AUSTIN, Texas — The golf was as good as it gets. Rory McIlroy made 17 birdies in the 36 holes he played Saturday. Defending champion Scottie Scheffler rallied with six birdies in his last nine holes to reach the semifinals for the third straight year.
A little luck never hurts in the WGC-Dell Technologies Match Play. And as great as McIlroy played, he needed some of that, too.
McIlroy never led in his quarterfinals match against Xander Schauffele. They came to the 18th hole all square, and McIlroy slumped slightly when he saw his drive headed left toward the trees. Schauffele hit his shot and quickly picked up his tee.
Imagine their surprise. McIlroy came upon a golf ball behind a tree and figured it was his. Schauffele was walking behind him and was stunned when McIlroy kept going.
“He hit a worse drive than I did and he ended up fine,” Schauffele said.
He got no argument from McIlroy.
“I expected my ball to be Xander’s ball on 18 behind that tree, and I got fortunate that mine trundled down the hill and obviously made the chip shot a lot easier,” McIlroy said. “Look, you need a little bit of fortune in these things, and that was a bit of luck for me today.”
McIlroy won with a 12-foot birdie putt, the proper ending to a match that both said was a testament to the quality of golf required. Schauffele applauded all the pivotal putts McIlroy made to stay in the fight.
It was like that all over Austin Country Club. The final version of Match Play lived up to its edge-of-the-seat reputation, with wild turns of momentum until four players remained.
Sam Burns advanced by beating Patrick Cantlay in 17 holes and then overcoming an early deficit to beat Mackenzie Hughes of Canada, 3 and 2, to reach the semifinals.
Burns advances to meet Scheffler, his best friend on tour with whom he often shares a house when they’re on the road. Their last encounter was at Colonial last year, when Burns made a 45-foot birdie putt to beat Scheffler in a playoff.
Cameron Young looked as if he had an easy time, until it wasn’t. He was 3 up at the turn, missed a chance to go 4 up on the 12th and then had to go to the 18th hole before he could dispatch of Bay Hill winner Kurt Kitayama.
Scheffler, who lost in the final in his Match Play debut in 2021, now has won 10 straight matches. He was 2 down against J.T. Poston in the morning with five holes left when he birdied the 17th to square the match and won the 18th with a par.
He was 3 down against former Match Play champion Jason Day through seven holes in the quarterfinals when he battled back, taking his first lead with a birdie on the 13th and then pulling away. He closed it out with a wedge to 2 inches on the 17th.
Scheffler said he and caddie Ted Scott had a chat when Day went birdie-birdie-eagle on the front nine to go 3 up. The eagle came on a 5-wood from 282 yards to 5 feet on the par-5 sixth hole at Austin Country Club.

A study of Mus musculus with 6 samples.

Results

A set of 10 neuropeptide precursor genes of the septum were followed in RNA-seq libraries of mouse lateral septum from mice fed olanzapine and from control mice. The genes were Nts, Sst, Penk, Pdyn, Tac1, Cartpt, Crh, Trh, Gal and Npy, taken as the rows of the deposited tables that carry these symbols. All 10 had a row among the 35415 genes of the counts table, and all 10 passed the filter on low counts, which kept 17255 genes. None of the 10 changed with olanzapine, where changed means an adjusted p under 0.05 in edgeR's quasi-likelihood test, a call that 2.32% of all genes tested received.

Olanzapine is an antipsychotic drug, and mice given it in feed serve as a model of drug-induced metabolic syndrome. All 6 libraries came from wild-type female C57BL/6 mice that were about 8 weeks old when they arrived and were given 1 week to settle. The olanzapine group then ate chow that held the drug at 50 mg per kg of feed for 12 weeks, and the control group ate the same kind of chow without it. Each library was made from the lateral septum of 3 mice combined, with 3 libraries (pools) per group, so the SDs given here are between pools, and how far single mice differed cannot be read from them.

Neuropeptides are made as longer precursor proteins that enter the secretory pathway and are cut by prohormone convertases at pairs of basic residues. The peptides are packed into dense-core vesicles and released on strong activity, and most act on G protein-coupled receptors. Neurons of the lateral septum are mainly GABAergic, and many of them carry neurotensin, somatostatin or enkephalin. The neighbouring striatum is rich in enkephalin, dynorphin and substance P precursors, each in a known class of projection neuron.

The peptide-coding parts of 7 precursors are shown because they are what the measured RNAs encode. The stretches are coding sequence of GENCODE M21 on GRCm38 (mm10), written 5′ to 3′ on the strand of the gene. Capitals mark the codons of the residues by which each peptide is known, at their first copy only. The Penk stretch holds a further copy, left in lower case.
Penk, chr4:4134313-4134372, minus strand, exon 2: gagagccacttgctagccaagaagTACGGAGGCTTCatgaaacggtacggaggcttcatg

“Just ride out the heater,” Scheffler said. “I had to stay patient.”
Day began to struggle with allergies on the eighth hole, and then Scheffler had a heater of his own by making six birdies over their final nine holes.
McIlroy reached the quarterfinals by making nine birdies against Lucas Herbert, and it still wasn’t decided until the 18th hole.
“I got to beaten by the best player in the world probably playing the best golf of anyone in the world would today,” Herbert said. “Pushed him all the way to the end. I just didn’t feel like there was a hell of a lot more I could have done.”
Schauffele made seven birdies against McIlroy and it wasn’t enough.
“I needed to dig deep,” McIlroy said. “He’s one of the best players in the world. I knew I was going to need to produce something similar to this morning. I was 16 under for two rounds of golf. That shows the caliber you need to play out there.”
Next up for McIlroy is Young, who finished ahead of him at St. Andrews last year with a 31 on the back nine. Young has made 31 birdies and two eagles in his five matches this week. He won his group on Friday with a 5-and-3 win. He made it through Saturday morning with a 5-and-4 rout of Billy Horschel. He was on his way to another romp against Kitayama.
But he missed a 5-foot birdie putt on the 12th that would have put him 4 up. Kitayama won the next two holes with birdies. Young missed from 10 feet for birdie, 15 feet for eagle and 10 feet for birdie on the next three, all three putts burning the edge.
Ultimately, he only needed two putts from 15 feet on the 18th for the win. That was about the only easy part of his back nine.
“I don’t think I made a bogey today and I was biting my nails trying to win my match,” Young said. “I think it just shows you the quality of golf that’s played out here and how hard it is to get through even just one day like today, never mind that today was our fifth match.”
Day earlier on Saturday beat Matt Kuchar, leaving the 44-year-old American one match short of the tournament record. Kuchar leaves sharing the mark of 36 wins with Tiger Woods.
Now it’s Scheffler’s turn. Woods is the only player to win Match Play back to back. One day remains, and it feels like a long way to go.